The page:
Hundreds of protestors took to the streets of Pittsburgh in the United States Friday to condemn the fatal police shooting of Antwon Rose Jr, a 17-year-old Black youth.
“Three shots in the back. How do you justify that?” they chanted, according to media reports. They also repeated segments of a poem Rose wrote for his honors award he received in his High School English Class two years ago.
"I am confused and afraid / I wonder what path I will take / I hear that there's only two ways out / I see mothers bury their sons / I want my mom to never feel that pain. I am confused and afraid / I pretend all is fine / I feel like I'm suffocating / I touch nothing so I believe all is fine / I worry that it isn't though / I cry no more / I am confused and afraid / I understand people believe I am just a statistic / I say to them I'm different / I dream of life getting easier / I try my best to make my dream come true / I hope that it does / I am confused and afraid/," the poem read.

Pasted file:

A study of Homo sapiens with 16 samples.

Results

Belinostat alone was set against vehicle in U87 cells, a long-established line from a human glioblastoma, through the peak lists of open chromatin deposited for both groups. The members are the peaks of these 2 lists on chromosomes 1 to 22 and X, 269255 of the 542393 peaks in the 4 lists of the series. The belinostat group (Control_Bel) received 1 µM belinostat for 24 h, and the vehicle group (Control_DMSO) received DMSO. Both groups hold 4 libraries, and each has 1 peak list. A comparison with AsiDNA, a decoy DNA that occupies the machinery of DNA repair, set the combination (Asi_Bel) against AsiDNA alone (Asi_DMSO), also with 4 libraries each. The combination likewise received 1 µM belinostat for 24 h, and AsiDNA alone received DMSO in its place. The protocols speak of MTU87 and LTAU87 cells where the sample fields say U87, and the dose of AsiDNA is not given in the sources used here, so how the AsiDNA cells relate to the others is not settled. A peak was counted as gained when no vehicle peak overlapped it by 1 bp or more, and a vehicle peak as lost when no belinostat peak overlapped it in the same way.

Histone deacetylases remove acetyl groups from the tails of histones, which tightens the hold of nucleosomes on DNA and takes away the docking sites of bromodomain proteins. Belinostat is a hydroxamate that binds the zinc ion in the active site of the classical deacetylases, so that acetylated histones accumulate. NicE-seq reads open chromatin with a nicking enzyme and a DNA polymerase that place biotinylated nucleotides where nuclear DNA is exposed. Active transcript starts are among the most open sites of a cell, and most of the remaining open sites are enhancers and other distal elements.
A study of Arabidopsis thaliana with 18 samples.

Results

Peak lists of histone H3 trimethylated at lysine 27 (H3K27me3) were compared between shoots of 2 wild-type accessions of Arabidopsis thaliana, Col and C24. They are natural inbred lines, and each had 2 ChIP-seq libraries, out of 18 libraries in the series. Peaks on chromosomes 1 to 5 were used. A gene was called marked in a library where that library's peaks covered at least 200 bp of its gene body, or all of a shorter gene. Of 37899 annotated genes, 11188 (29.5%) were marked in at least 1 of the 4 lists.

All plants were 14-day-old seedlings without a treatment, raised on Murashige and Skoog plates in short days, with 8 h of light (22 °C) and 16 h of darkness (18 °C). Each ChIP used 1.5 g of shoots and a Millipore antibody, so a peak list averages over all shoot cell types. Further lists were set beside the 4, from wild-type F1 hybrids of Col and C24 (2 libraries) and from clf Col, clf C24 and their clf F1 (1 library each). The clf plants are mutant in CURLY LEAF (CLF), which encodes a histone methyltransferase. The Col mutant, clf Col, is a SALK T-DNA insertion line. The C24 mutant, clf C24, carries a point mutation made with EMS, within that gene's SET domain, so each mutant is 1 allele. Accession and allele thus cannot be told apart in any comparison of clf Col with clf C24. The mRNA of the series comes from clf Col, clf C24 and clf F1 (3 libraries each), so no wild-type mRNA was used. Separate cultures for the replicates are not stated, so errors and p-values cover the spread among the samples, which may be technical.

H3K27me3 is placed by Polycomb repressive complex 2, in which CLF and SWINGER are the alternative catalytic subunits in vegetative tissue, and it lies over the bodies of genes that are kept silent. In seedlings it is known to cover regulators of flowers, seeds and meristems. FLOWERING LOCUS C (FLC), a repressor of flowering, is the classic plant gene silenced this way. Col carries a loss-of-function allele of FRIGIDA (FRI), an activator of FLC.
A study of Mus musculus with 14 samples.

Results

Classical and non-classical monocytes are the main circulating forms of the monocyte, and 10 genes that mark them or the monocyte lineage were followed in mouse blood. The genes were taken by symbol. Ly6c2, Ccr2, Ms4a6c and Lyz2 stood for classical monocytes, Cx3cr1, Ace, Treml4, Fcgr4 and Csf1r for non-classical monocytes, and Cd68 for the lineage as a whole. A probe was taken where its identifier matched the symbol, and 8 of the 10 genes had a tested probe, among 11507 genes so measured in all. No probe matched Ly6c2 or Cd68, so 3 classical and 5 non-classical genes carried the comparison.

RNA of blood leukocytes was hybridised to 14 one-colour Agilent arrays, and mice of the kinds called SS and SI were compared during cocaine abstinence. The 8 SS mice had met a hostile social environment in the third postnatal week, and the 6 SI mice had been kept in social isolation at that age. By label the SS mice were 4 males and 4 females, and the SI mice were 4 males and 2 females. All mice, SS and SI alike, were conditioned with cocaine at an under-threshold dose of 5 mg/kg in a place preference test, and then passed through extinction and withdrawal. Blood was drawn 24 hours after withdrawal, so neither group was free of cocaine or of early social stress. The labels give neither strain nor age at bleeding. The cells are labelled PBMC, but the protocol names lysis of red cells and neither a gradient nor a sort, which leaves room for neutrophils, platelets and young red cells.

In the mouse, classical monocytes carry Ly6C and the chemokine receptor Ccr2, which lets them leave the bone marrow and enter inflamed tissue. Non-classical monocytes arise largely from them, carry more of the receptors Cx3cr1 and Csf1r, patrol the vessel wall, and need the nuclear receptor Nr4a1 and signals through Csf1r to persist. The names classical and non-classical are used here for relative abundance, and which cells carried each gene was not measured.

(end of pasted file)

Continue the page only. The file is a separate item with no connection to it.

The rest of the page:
Michael Rosfeld, the police officer, at the center of the incident pulled over Rosfeld's vehicle, which believed was involved in a nearby shooting according to the police. Rose, who was inside the car, fled emerged unarmed but was still shot.
Lee Merritt, an attorney representing the family of Rose, said: “these facts, without more, simply leave little room to justify the use of deadly force by this officer.”
Rosfeld confessed to local media outlets that he had been officially sworn in as a member of the East Pittsburgh police department on the night he killed Rose Jr.
Video of the deadly shooting has surfaced online. Tom Wolf, the governor of the state of Pennsylvania, said “the video of this incident is deeply disturbing. Like in all police-involved shootings, there must be a thorough, swift and transparent review and investigation of his (Rose Jr.) death."
Black activists and community organizers have described Rose's death as another example of institutionalized racism.
The Washington Post's Fatal Force database reveals that at least 495 people have been killed by police this year alone. Last year it reported that over 980 people were killed.
While the Guardian explained that despite African-Americans making up approximately 12 percent of the total U.S. population, they represented nearly a quarter of the 1,090 people killed by U.S. police forces in 2016.